July 13, 1984
See Original Daily Bulletin From This Date

The executive director of a federally-funded and federally-financed agency, Opportunity Development Association (ODA), organized to help Hasidic Jews to get federal loans for small business and to provide them with a variety of forms of aid in starting or operating a business, said today that the ODA had helped at least 500 Hasidic Jewish businessmen during its 10 years. The ODA is located in the Williamsburg section of Brooklyn, home of at least 50,000 Hasidic Jews.

Rabbi Zvi Kestenbaum told the Jewish Telegraphic Agency that Hasidic Jews had been helped by the ODA in the five boroughs of New York City, as well as Hasidic Jews in the Monroe and Muncie areas in upstate New York.

He also asserted that the ODA had helped Hasidic Jews make effective applications for loans from the Small Business Administration (SBA), also a federal agency. The Hasidic Jews received funds from the Minority Business Development Agency (MBDA) of the federal Commerce Department to organize the ODA, which has since received funding annually from the MBDA to implement its aid program.

Kestenbaum made his comments in sharply criticizing “misleading” reports in the general media last month that President Reagan had decided to add Hasidic Jews to the original list of six socially and economically disadvantaged minority groups which had been listed for such federal help by President Nixon in a 1969 executive order establishing the program. The six original groups were Blacks, American Indians, Eskimos, Aleuts, Puerto Ricans and Spanish-speaking Americans.


Kestenbaum said the media reports referred to a visit to New York City on June 20 by James Richard-son-Gonzales, the MBDA director; Marshall Breger, President Reagan’s advisor on Jewish affairs; and Jewish leaders, including Kestenbaum.

Kestenbaum said the general media were totally inaccurate in reporting that the federal officials had come here to announce that Reagan had decided to add Hasidic Jews to the six groups originally listed in the Nixon order as “disadvantaged” and deserving federal help.

He said the ODA had been designated in 1974 as eligible to provide aid to Hasidic Jews but that, until now, no formal procedure had been established to provide instruction or guidance to groups wishing to qualify for participation in MBDA-funded programs for disadvantaged Americans.


Kestenbaum said the two federal officials had visited New York and met with Hasidic leaders to report that the 1974 ruling will for the first time be memorialized in a government regulation published in the Federal Register.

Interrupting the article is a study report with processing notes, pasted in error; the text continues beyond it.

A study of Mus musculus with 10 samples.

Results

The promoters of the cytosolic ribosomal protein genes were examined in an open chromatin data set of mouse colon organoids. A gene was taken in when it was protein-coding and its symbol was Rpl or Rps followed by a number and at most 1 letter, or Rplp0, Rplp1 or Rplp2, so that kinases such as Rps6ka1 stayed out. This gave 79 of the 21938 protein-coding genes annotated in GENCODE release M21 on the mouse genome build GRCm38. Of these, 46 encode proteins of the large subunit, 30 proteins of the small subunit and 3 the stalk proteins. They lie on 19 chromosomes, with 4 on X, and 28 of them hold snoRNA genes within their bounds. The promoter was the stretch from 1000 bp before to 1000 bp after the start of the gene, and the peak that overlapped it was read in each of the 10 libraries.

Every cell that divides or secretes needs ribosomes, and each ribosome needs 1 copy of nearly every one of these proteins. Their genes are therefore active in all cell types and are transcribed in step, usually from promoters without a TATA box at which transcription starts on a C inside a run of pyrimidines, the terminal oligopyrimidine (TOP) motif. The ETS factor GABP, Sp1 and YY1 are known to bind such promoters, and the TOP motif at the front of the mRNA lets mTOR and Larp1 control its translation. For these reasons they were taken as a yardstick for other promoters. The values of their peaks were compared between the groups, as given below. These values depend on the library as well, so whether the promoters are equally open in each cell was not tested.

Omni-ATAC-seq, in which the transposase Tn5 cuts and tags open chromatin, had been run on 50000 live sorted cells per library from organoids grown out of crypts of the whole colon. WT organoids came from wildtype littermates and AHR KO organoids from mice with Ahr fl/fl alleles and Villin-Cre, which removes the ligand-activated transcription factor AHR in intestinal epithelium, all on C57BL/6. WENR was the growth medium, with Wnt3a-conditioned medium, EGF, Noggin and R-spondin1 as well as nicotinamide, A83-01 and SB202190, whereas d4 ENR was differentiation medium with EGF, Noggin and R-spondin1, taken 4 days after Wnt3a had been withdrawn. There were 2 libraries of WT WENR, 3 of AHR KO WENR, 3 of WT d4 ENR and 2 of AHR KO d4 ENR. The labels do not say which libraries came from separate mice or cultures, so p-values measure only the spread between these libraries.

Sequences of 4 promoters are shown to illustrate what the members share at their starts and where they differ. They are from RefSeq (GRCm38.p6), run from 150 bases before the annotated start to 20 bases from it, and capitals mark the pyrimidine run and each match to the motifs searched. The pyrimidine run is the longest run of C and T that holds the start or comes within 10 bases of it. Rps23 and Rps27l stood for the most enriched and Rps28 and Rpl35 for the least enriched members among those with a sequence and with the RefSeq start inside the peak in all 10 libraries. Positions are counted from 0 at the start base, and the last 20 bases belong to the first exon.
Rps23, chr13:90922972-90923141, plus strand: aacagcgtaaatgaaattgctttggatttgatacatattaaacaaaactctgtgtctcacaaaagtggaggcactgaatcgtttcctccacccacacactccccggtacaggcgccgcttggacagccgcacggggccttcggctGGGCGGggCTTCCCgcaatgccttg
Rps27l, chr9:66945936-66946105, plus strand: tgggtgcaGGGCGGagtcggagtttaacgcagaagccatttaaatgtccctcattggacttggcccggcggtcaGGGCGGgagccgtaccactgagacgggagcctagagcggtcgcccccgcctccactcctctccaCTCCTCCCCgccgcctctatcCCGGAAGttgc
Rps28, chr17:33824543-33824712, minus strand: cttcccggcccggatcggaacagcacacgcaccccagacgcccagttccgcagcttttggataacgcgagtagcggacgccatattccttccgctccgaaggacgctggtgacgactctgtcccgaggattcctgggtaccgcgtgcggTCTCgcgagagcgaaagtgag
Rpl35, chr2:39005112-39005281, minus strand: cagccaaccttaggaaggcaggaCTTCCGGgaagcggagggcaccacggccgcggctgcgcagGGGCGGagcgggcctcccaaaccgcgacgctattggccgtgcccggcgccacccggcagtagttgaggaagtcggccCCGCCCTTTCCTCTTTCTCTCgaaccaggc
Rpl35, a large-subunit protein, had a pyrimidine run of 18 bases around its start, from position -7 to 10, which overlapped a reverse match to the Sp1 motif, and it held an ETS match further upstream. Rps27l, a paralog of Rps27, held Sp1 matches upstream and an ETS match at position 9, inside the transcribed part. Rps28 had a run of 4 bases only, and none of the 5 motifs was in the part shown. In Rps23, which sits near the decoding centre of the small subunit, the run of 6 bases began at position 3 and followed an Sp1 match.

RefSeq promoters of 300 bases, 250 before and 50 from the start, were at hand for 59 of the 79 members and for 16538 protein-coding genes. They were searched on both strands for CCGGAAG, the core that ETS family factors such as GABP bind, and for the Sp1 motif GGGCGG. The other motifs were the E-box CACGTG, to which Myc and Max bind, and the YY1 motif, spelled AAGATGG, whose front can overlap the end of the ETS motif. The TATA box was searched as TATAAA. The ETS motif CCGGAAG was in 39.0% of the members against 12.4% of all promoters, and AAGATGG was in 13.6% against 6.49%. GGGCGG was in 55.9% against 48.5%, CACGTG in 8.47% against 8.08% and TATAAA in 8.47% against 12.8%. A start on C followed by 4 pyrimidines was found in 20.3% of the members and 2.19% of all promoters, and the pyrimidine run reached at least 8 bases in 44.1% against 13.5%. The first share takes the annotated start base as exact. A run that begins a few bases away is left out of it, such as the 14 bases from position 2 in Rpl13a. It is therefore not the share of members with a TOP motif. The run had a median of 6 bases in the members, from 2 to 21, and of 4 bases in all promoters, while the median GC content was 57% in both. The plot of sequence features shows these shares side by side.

Another source, Israel Rubin of Potomac, Md., who was on the Commerce Department staff when the 1974 order was issued, told the JTA in a telephone interview that the announcement in the Federal Register must be available for any public comment for 60 days before it becomes a government regulation but that he expected this to happen without difficulty.

Rubin also told the JTA that one effect of the federal listing will be to end squabbles by some of the six original groups over Jewish participation in the $70 million to $80 million annual program.

Kestenbaum insisted that some of the “misleading” media reports suggested that, until the June 20 announcement, Hasidic Jews were excluded from the federal assistance program but the fact was, he reiterated, ODA has been functioning for 10 years.


Rubin said that while he was working in the Commerce Department, two letters were received from Hasidic leaders, asking for federal aid as an economically and socially disadvantaged group. In response, a number of Commerce Department officials, including Rubin, visited Williamsburg in 1973, and the department’s general counsel decided, after a six-month study, that the Hasidic Jews were in fact disadvantaged, and the 1974 ruling followed.

Rubin said the ODA was formed under New York State charter as a non-profit agency, with specific functions. The ODA professionals help applicants on the various steps to take to apply for small business loans. Accountants and marketing experts provide guidance to Hasidic Jewish businessmen needing that kind of help.